Surefire tips for travelling with teens

Only the masochists among us attempt road trips with teenagers, right? But as Deb Dickson-Smith recalls, it can go a hell of a lot smoother with these tried-and-tested tips. 

Travelling with teenagers is a challenge at the best of times.

We’ve grown up with road trips, from annual trips to our favourite camp sites, to visiting grandparents on the NSW north coast. After all, the family road trip is an Aussie tradition, so it’s hardly unusual, although not without challenges. When the kids were younger we had to worry about toilet stops and motion sickness, boredom and endless Wiggles DVDs.

Now the kids are teens, boredom still exists, but teens are usually capable of entertaining themselves with various mobile devices. So, the main issue is power. And 3G. And space. Here are my top tips for surviving a road trip with teens.

Happiness on the road is often directly proportionate to the amount of space teenagers are given.

1. Space. First of all (and I know this is OBVIOUS), the main difference between travelling with teens as opposed to say, toddlers, is that they are bigger. So, you’re going to need a bigger car.

On a recent road trip to Forster and Yamba, we found the Nissan Pathfinder a pretty good fit. The seven-seater has plenty of room for leggy teens to spread out without arguing about personal space, enough charging points for multiple mobile devices, cup holders by every seat and even seat-back entertainment.

A fantastic sound system will help the whole family enjoy each other's playlists.

2. Sound System. One of the perks of a road trip with teens is that you don’t need to listen to the Wiggles, which is worth celebrating. In fact, as the teens will probably each have their own state-of-the-art headphones, you don’t have to listen to anything.

However, it’s nice to share the experience, and music-loving teens will quite often want to share their latest ‘finds’ with each other, so it’s great to have a sound-system that will sync to a number of devices. The Pathfinder’s sound system can sync to numerous mobile devices, with access to apps including iTunes and Spotify. In fact, I think this car was actually designed with teenagers in mind.

A long car trip is a perfect time to catch up on a TV series.

3. Entertainment. It seems when kids turn 13, there’s less of a need to watch movies or play games en-route, so laptops and iPads become less of a necessity. However, it’s still not a bad idea to keep them handy, especially when driving for over five hours.

The Pathfinder has video displays behind the two front seats, which can be played individually, so no need for everyone to watch the same thing, with movies accessed via USB, HDMI, or a DVD player on the dashboard.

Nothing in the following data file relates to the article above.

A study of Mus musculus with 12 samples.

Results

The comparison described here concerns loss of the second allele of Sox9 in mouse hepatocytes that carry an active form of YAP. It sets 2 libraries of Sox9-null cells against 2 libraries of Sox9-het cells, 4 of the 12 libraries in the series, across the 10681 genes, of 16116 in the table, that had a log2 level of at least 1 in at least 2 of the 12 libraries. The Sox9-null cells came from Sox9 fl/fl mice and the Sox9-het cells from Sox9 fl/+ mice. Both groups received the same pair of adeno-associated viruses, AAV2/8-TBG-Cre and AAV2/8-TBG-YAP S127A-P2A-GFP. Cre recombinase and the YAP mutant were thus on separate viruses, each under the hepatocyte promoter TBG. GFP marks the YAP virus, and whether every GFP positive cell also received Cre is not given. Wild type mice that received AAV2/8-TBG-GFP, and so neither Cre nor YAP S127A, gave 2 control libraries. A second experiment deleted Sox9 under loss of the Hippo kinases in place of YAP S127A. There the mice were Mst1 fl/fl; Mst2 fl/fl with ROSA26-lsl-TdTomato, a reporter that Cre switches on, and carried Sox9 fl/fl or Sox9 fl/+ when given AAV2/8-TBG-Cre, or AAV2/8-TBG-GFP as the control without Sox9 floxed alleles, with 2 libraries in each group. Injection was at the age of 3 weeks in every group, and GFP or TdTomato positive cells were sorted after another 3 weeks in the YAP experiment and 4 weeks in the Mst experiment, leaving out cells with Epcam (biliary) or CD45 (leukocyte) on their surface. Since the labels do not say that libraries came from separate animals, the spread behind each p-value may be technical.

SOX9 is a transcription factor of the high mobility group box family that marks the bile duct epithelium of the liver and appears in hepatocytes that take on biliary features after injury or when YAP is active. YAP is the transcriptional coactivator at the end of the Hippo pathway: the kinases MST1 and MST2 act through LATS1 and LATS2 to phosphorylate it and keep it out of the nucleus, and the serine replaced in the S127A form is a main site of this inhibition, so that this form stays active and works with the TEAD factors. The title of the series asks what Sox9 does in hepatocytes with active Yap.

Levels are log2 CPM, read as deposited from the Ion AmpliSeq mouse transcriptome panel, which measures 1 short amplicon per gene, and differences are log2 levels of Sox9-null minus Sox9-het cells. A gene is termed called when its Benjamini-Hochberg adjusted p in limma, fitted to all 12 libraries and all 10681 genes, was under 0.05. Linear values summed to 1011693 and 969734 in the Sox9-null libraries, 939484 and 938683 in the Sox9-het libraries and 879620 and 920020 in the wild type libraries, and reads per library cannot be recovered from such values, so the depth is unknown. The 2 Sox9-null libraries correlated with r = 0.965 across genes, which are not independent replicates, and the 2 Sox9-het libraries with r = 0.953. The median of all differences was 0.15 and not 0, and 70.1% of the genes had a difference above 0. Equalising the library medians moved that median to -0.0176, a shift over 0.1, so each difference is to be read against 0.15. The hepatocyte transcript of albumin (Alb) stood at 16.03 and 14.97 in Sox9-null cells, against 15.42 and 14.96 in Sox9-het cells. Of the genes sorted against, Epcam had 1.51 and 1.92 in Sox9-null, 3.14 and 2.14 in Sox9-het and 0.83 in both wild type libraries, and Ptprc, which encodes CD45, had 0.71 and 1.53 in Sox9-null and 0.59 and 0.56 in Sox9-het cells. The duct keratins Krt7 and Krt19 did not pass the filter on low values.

Think about a plan for charging up your devices. Your sanity will thank you for it.

4. Power. Mobile devices chew up battery power, especially when you’re using the same device to listen to music, watch YouTube clips, take photos and videos and share them with your mates on Snapchat, simultaneously. First of all, make sure everyone has fully charged devices before you set off, and take along a couple of mobile chargers.

One of the great things about the Pathfinder is that it has multiple USB charging ports – front and back. Enough for all of our devices to maintain enough charge for our first long haul from Sydney to Forster.

Your selfie game will improve overnight.

5. Selfie stops. Don’t beat them, join them and have some fun. Be sure to find some time for the kitsch (maybe the Big Prawn in Ballina) and the sublime (Bennett’s Headland in Forster) along the way so that you make the most of your time on the road together.

You need your GPS working to find these kinds of gems.

6. Directions. Make sure you set your destination on the GPS (or one of the available devices) before the console gets taken over by playlists. It’s not a bad idea to assign the task of navigation to one of your passengers; just make sure you choose someone who’s likely to pay attention and not get side-tracked by YouTube. The GPS in the Pathfinder operates in the background while the music’s playing, chiming in every now and then if there’s a change of direction ahead.

Amazing how often a really good coffee can change your day.

7. Coffee stops. There really isn’t a great choice of food stops on the highway – any highway. If you can, make time to get off the highway and find a café – or better still, a market – in one of the sleepy little country towns along the way.

It's not hard to see why Great Lakes is such a popular BIG4 park.

8. Where to stay. Whether it’s along the way or at your destination, the best options for accommodation with a family of teens is a holiday park. We stayed at BIG4 Great Lakes at Forster Tuncurry and BIG4 Saltwater @ Yamba Holiday Park.

In Forster, Great Lakes has a lap pool, water park and obligatory giant bouncing pillow as well as a café that serves pretty good coffee, with live entertainment in peak periods. While we chose a cabin, the park recently introduced luxurious glamping-style tents, which would have been a better choice for long-legged teens.

You'll be spoilt with luxury if you stay in Yamba as well.
The park's grounds are lush.

BIG4 Saltwater has a completely different feel to it. Located a few kilometres from town, this peaceful holiday park is like a little riverside retreat. The shady park has an adventure playground, large water park and an outdoor cinema. During peak periods the park invites local food trucks to set up shop, including Flour & Water wood fired pizza, Pocket Curries and Ed’s Little Boy Brisket, and there’s quite often live entertainment.

Feeling brave now? Nothing connects families like a break in a BIG4 holiday park.